LEAFING THROUGH Ga. Su. Bhatta's Yakaschit Hulada Kathe comprises two long narrative poems. Besides being a fascinating experiment, it is a fitting response to contemporary questions
Yakaschit Hulada Kathe
by Ga.Su.Bhatta Bettageri
Akshara Prakashana, Rs. 50
Ga.Su. Bhatta Bettageri is an unassuming, but important contemporary writer. He has published five works of poetry including “Nala Damayanthi” a long epic of 3,000 quartets, three plays, a novel and a critical work, “Valmikigada Anyaya”. He is deeply rooted in the Indian poetic tradition. Very few contemporary poets are as familiar and comfortable with Kannada prosody as Ga.Su. Bhatta. However, he is not interested in just continuing tradition. He not only interrogates traditional forms and value systems but also experiments with new narrative strategies without violating the rules of the game. Another interesting noteworthy feature of Bhatta's poetry is that he has been sustaining longer narratives when most of his contemporaries are satisfied with shorter poems, limericks and versified jokes. Bhatta's experiments with rhythm and diction are also commendable. His long poem “Navlu” is composed in the Havyaka dialect. One should not, however, misconstrue that Ga.Su. Bhatta is preoccupied only with aesthetics and indifferent to the burning issues of these times. His works are subtle, but sensitive responses to the contemporary world. His latest work comprises two long narrative poems — “Yakascith Hulada Kathe” and “Koneya Saalu”. Both record and respond to changing lifestyles, value systems and new aspirations of contemporary civilization. Bhatta's little narratives have been successful in mirroring and echoing the archetypes of mega discourses of today. They seek to explore the impact of modernisation and urbanisation from multiple view points. The younger generation feels that the agrarian mode of living is totally redundant and irrelevant. Looking for new possibilities in the cities, they mercilessly desert their homes and villages, but slowly they realise that neither modernisation nor urbanisation is an easy solution or alternative to their burning needs and desires. The past is lost; the future is uncertain. The confusing complex present needs to be comprehended and interpreted with new images and narratives.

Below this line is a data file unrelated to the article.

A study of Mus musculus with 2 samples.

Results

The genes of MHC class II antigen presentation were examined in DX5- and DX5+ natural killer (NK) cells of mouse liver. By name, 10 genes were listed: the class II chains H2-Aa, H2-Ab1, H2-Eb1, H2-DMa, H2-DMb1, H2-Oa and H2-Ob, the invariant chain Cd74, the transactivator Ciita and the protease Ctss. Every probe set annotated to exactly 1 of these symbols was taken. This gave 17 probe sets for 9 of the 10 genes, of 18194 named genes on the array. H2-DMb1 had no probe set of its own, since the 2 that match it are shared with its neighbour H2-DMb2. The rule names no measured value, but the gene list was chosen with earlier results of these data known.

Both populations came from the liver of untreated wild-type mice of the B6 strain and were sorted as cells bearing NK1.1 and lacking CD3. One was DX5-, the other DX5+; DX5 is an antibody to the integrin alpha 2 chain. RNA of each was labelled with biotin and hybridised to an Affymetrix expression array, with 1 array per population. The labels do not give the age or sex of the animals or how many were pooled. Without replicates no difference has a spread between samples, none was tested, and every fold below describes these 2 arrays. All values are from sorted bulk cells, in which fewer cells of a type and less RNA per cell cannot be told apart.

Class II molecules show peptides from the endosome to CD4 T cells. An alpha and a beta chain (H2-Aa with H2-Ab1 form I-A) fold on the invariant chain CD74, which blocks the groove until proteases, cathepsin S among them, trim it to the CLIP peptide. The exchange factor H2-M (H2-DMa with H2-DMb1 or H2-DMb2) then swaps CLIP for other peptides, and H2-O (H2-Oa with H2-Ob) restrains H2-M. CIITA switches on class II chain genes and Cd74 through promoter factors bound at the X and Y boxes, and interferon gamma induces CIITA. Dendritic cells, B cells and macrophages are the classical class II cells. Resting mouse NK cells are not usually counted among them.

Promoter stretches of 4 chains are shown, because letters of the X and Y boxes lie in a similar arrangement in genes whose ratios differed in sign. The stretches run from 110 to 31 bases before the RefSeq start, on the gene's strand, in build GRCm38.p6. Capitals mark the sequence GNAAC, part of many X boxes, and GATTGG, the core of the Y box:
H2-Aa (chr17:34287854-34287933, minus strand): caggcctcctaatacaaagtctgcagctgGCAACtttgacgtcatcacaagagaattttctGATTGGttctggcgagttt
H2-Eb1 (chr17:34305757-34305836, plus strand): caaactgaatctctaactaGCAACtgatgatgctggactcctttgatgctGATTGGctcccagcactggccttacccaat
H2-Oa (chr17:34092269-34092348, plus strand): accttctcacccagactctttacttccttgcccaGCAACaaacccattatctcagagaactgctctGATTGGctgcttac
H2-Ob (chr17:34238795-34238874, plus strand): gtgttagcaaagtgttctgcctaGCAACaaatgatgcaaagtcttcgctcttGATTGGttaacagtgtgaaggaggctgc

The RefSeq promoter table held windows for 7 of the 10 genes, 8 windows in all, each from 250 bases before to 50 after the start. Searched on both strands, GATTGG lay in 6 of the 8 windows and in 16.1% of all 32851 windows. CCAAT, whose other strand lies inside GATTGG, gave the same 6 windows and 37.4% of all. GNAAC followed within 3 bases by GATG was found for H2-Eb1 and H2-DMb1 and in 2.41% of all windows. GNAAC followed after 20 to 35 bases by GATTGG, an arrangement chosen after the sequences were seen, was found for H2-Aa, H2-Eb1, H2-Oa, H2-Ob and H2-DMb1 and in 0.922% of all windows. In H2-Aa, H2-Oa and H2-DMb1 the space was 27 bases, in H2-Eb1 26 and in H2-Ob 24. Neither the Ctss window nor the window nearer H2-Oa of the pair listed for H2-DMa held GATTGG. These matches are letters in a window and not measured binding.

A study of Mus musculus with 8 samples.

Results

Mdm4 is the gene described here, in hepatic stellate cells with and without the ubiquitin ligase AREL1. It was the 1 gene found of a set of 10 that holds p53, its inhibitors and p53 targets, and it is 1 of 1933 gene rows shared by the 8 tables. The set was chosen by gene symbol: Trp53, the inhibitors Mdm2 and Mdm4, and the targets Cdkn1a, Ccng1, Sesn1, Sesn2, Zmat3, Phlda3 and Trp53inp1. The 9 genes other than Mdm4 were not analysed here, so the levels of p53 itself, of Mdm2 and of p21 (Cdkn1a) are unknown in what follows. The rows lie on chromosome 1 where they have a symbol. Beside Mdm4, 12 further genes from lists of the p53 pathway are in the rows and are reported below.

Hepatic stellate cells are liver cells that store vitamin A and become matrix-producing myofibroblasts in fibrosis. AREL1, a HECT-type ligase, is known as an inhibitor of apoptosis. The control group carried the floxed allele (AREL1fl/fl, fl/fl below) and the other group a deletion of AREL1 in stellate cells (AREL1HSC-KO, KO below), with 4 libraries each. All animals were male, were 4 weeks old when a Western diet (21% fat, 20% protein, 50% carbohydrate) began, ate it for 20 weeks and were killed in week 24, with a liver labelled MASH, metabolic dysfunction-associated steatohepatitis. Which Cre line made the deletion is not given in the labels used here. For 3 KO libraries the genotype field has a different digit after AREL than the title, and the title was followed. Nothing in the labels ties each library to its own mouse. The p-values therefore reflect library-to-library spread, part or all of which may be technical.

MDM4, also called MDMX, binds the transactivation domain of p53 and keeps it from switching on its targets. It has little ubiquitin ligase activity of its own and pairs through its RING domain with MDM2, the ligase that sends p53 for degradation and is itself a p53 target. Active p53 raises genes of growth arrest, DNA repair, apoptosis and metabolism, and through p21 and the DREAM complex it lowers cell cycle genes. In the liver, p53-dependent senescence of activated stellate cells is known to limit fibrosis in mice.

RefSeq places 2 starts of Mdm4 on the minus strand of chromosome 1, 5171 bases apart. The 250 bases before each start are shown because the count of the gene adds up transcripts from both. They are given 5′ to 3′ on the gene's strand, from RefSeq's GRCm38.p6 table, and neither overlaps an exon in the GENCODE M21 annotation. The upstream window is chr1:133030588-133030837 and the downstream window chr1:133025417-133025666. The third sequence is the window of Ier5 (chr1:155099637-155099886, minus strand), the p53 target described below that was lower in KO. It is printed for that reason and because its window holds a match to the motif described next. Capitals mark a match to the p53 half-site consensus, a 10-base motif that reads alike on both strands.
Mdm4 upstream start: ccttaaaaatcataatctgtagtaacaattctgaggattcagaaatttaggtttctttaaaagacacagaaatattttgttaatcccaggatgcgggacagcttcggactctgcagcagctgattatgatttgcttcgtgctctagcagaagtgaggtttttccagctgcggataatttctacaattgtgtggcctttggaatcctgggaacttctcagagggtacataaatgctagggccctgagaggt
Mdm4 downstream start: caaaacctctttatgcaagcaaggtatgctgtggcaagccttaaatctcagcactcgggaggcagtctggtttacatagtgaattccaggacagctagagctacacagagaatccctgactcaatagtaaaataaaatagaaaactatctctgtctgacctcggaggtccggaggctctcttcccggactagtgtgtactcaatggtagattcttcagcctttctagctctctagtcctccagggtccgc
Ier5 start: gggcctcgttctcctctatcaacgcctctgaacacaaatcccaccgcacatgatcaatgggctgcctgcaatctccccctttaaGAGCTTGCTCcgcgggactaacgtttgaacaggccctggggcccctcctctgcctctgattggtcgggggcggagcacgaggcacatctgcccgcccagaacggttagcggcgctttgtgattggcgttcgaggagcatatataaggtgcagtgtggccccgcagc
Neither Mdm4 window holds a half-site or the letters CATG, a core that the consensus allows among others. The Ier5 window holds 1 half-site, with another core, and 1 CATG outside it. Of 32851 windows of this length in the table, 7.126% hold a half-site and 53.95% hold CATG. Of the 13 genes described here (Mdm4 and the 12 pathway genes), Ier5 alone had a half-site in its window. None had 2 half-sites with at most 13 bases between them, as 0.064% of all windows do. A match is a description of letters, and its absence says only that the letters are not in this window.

Ga.Su. Bhatta's poems have chosen to tread the ‘less travelled by' path. That is the reason why they look so fresh. In “Yakaschith Hulada Kathe”— roughly translated as the tale of an insignificant little worm, a little insect inadvertently travels to the city along with the village girl and her boyfriend. It has to live in their house, in a completely new environment. As the girl attempts to adapt herself to a new space, the little insect also struggles to live on unnoticed by its human counterparts. It is also exposed to the details of a new lifestyle with all its new anxieties, challenges and struggles. The little worm thus becomes a witness to not only the village girl's new ventures but also to the general demands of the modernist, consumerist, urban life. Its existence and awareness were not two separate entities in the village, but here his intellectual world stands expanded. The little worm narrates these transformations to us with its own impressions and footnotes. That is why Bhatta's poem is entitled, “The tale of an insignificant little worm”. The readers may wonder whether the words ‘Yakaschith Hula' apply more to human beings, metaphorically. The overenthusiastic reader may also rush to draw a parallel with Kafka's ‘Metamorphosis'. But one should admit that Bhatta's world is not as static and grotesque as Kafka's.
However, in the second poem “Koneya Saalu”, one encounters a more macabre and violent world. Here an old man is a mute witness to the transgressions of the new generation. The first poem presented some hope and optimism. In the second it's a changing world where violence has become the order of the day. The poem anticipates more bloodshed, more chaos, and more tension. However, here too, the poet has consciously shunned the realistic mode and has been able to elevate contemporary experience to mythical heights.